Posts : 267
Join date : 2013-12-03

PostSubject: Gasser Math   Fri Dec 06, 2013 12:49 am

here is some traditional imbert gasifier math from gasser guru Dutch John

calculating gas required to run an engine...


G = V x n x 0.5 x 0.48 x 0.72 [l/s]
                       60

G is the needed quantity of gas in liters per second
V is the engine displacement in liters
n is the rpm
0.5 is the four stroke factor
0.48 is the mixture composition (1: 1.1)
0.72 is the filling degree of the engine (assumption)
60 for the conversion to seconds

DJ's volvo example

Example: G = 2.32 x 2,750 x 0.5 x 0.48 x 0.72 = 18.4 [liter cold gas per second]
                                           60


calculating the restriction


d = square root from (4/pi x G/Vi)

d is the restriction diameter
pi is 3.142
G is quantity of cold gas per second
Vi is the superficial velocity being: 2.5 [m/s] = 25 [dm/s] for an Imbert


Example: d = square root from ((4/3,142) x (18,4/25)) = 0.97 [dm] = 97 [mm]


from this you can calculate the rest of the dimentions



all of that should get you in the ball park.

I build what i consider a modified imbert so I usually calculate restriction sizes and use that as my starting point.

Im sure it makes sense to you mate im afraid it's whoooshhhhhhh over my head :lol: I think my head its too full with other stuff so I got to leave room for updates to stuff I already know ....well that's my excuse ;)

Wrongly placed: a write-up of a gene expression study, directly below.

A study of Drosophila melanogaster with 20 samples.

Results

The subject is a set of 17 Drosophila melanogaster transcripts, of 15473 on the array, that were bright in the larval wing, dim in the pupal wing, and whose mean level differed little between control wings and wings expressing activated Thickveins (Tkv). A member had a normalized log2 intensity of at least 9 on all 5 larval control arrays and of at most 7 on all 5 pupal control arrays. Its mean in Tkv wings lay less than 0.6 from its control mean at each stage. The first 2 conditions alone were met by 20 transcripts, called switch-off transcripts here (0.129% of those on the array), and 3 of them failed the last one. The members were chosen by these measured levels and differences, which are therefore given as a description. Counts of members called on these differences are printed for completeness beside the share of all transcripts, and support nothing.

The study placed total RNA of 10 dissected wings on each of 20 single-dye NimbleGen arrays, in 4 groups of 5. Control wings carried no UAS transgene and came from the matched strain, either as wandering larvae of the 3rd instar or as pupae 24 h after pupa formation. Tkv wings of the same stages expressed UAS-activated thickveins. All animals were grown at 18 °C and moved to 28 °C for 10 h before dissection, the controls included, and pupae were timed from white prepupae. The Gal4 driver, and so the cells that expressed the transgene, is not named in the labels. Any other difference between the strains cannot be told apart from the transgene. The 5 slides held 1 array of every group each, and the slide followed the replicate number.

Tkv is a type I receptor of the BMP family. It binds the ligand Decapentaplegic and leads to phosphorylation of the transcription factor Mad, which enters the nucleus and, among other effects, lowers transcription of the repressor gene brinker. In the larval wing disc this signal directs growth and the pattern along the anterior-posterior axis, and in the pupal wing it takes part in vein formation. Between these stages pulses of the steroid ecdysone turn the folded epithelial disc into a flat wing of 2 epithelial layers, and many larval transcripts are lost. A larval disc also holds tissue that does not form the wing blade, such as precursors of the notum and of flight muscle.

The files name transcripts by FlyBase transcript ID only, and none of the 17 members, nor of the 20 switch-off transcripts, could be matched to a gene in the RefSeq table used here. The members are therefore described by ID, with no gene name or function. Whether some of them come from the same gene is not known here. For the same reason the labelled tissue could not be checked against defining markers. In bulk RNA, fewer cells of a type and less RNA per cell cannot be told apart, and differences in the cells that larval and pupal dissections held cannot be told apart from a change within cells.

Posts : 267
Join date : 2013-12-03

PostSubject: Re: Gasser Math   Fri Dec 06, 2013 5:54 am

lol... it used to be over my head too....

i learned all that so one of my mentors could show me short cuts.

G is the needed quantity of gas in liters per second
V is the engine displacement in liters
n is the rpm in thousands of rpm

like G = V in liters x n in thousands x 3

so for calculating for my pickup truck

G = 5 x 2 x 3

G = 30 L/s of woodgas

and from that i can then calculate the restriction needed. i made a spreadsheet to help with math one day at a trade show... i hate math.

Too funny tritowns, your telling my life man, however I can see once you have the formula down it actually is quite simple.

The problem for most of us is grasping the formula, I appreciate you sharing it and as well describing how to understand it, once you have a firm grasp on the formula the rest is history and a lot of hard work and fabrication eh?

I do appreciate your thoughts on the subject matter and thanks for sharing them.
I am hoping to do a build this summer, just too darn cold out right now.

So what we are looking at here is how to formulate the amount of gas to produce at a given engine displacement and rpm rate.
So the rpm rate is the expected demand rate correct?
I find this very exciting.

A whole new world!:>)




yup. you design for the average you intend to use. for a stationary system this is/is not hard to do. automobiles are a little more complicated.

there are lots of other things to take into consideration.

when i'm building a system i look at handling condensates, hearth insulation, handling ash, air preheat... in that order. and thats just the gasifier... filtering and cooling need to be taken care of.

Again thanks for the formula and the great diagram, will have to study this well.